Opening Statement for DCPS Performance Oversight Hearing
Posted by Ashley Fox on February 21, 2018 at 12:03 PM
We can’t keep doing what we’ve been doing. This is very clear. We are at a point where none of us want to be: We are without a permanent leader for DC public schools. We have no deputy mayor for education to help make us a true education system out of our bifurcated tracks right now in which half our students are in traditional schools and half are in public charter schools. We know that some of our students don’t come to school on time or at all; we are graduating students who are not prepared for higher education, the world of work or adult life in general; and we have a central office that is either unequipped to do the necessary oversight and accountability or has looked the other way. There is a culture of doing whatever it takes, including cooking the books and fudging the numbers, to show student improvement.
This cannot continue.
Yet we must look at this moment with opportunity: It is a chance to have an honest conversation about what we need to do to take on our biggest challenges. We need a schools leader who has the integrity, determination, and political skills to get our system to where we all want it to be: A system in which every neighborhood school is a good option for families, in which you don’t have to buy into the right neighborhood for a decent education. We have some schools that work well, and we don’t want to disrupt that, but we can’t ignore that the system as a whole doesn’t work for many.
We need it to work for everyone. This starts with a search process that reflects our values of inclusiveness and transparency. It cannot be done secretively. The search group needs to include parents, students, community groups, advocates, and members of the Council.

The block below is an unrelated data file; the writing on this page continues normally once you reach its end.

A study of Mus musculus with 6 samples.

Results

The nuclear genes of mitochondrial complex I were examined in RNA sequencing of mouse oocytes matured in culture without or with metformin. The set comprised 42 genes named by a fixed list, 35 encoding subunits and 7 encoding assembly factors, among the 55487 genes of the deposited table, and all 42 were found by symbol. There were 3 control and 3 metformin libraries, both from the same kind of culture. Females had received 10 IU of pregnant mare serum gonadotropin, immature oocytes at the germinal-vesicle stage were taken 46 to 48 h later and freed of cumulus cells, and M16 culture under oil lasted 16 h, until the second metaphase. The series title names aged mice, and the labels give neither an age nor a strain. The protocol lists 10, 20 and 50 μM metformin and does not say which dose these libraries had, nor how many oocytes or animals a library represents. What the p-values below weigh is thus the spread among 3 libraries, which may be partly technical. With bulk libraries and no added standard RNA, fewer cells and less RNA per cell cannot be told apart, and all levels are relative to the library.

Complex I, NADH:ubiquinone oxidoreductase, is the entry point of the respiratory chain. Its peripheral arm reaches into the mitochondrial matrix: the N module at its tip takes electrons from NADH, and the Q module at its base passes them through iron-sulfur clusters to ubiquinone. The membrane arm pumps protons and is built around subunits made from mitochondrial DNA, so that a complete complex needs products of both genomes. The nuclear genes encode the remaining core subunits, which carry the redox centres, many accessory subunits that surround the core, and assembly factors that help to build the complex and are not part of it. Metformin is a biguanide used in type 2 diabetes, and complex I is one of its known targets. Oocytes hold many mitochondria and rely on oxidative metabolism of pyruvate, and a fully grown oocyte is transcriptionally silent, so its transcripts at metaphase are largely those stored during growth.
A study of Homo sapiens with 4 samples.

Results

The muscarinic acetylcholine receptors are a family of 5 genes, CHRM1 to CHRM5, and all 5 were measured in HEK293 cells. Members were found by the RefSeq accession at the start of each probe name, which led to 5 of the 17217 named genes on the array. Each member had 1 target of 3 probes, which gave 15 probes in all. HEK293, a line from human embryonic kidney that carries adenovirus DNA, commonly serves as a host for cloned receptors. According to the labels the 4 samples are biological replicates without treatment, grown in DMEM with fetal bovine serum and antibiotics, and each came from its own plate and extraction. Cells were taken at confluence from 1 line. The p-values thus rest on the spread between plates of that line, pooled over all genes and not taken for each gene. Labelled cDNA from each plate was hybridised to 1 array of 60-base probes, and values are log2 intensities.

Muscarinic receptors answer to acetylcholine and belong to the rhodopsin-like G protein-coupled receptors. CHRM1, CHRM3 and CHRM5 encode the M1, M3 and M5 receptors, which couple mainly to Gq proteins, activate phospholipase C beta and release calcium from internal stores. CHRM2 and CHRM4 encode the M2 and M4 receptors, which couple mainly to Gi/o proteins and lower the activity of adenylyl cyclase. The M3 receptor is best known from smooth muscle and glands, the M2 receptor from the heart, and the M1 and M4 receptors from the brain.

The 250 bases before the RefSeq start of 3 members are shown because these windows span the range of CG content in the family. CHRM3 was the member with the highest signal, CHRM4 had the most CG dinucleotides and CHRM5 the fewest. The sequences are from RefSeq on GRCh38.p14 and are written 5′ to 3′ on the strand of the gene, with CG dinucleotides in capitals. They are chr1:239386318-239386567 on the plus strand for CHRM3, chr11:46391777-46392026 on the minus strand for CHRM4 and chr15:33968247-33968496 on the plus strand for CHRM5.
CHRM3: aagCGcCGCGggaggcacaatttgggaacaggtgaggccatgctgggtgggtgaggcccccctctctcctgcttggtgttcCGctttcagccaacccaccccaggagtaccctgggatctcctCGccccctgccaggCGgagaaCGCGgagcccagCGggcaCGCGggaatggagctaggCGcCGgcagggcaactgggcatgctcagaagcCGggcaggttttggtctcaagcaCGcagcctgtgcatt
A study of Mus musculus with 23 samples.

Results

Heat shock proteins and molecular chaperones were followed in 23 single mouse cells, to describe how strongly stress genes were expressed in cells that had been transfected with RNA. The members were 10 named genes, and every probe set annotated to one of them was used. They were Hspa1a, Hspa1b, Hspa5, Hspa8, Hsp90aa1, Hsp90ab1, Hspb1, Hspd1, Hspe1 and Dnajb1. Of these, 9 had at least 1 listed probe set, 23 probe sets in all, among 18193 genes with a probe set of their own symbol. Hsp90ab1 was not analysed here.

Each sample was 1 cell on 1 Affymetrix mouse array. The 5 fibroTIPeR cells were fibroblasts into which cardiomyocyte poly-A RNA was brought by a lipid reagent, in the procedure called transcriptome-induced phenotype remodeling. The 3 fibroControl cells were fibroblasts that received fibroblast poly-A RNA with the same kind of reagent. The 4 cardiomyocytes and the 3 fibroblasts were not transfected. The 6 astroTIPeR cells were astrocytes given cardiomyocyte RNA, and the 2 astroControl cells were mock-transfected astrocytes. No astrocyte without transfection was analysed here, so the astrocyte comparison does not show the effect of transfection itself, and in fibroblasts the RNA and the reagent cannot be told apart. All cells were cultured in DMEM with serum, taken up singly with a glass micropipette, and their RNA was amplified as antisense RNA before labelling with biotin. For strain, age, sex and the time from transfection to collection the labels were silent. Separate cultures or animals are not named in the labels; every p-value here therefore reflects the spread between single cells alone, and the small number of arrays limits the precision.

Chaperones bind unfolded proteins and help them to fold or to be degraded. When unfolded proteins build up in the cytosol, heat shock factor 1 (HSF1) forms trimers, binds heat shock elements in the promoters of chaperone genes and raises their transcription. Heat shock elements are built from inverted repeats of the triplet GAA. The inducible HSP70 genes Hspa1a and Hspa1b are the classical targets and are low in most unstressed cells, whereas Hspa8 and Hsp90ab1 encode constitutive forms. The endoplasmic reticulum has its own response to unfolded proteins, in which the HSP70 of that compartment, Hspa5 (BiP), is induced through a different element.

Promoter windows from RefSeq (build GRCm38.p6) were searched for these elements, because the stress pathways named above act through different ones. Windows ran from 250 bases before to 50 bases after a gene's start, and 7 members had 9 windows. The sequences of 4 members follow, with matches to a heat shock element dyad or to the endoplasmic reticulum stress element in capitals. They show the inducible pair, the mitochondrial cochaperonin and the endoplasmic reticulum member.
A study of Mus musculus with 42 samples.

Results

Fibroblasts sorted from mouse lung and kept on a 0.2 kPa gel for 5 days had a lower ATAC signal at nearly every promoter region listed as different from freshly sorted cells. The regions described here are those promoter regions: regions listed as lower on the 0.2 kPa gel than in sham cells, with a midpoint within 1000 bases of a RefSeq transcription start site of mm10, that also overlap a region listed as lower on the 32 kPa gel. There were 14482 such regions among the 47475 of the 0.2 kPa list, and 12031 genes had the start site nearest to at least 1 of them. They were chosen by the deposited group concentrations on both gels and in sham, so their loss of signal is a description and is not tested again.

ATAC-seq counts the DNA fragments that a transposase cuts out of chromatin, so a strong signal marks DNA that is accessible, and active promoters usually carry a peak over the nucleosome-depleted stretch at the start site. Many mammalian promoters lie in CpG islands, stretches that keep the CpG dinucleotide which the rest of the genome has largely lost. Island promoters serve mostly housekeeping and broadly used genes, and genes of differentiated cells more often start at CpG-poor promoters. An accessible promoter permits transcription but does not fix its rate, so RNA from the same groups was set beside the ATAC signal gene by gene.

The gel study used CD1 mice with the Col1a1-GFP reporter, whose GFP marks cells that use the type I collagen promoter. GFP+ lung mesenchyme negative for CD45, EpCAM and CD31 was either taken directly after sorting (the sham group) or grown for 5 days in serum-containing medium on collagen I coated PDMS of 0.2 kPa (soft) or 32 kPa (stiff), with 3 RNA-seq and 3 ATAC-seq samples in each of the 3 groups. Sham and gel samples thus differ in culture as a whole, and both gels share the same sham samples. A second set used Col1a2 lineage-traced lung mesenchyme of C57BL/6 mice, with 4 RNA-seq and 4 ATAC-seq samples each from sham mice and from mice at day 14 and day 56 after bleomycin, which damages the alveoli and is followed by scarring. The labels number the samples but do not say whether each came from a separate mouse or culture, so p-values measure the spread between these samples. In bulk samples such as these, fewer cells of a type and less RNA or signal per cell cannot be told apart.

Talking a good game is not enough: We need a leader who is not content with maintaining the status quo. We need a change agent, who has a sense of urgency to close the gaping distance between the academic outcomes of our white students and students of color. The plan needs to be understandable and implementable. It needs to have buy-in from not only teachers and administrators, but parents, business leaders, residents without kids and our elected leadership.
That’s where we on the dais come in.
We need to put in the dollars necessary to support our students and teachers, and we need to make sure those dollars are spent well. I think you see a willingness to put dollars toward schools, and I want to thank my colleagues, particularly Councilmembers Gray, Cheh, Grosso, and Mendelson for boosting money for the student funding formula this year. We need to make it count, and we can’t just rely on test scores to show progress. I can tell you as chair of the Labor Committee, employers don’t care what score you got on the PARCC. They care that you are a well-rounded adult, who can read, write, work with colleagues, communicate well, handle life’s difficulties and manage conflict.
We need to give our teachers the tools and support they need. We need to have a fierce sense of urgency and build schools that we know would be good enough for our own children.
I look forward to working with Mayor Bowser, my Council colleagues, and members of the community to find a leader who is committed to urgent change and restoring the confidence of our students and families.
I’d like to thank all of today’s witnesses, especially the parents and community members who have reached out to me over the last several days. Your input was critical and will be even more critical now.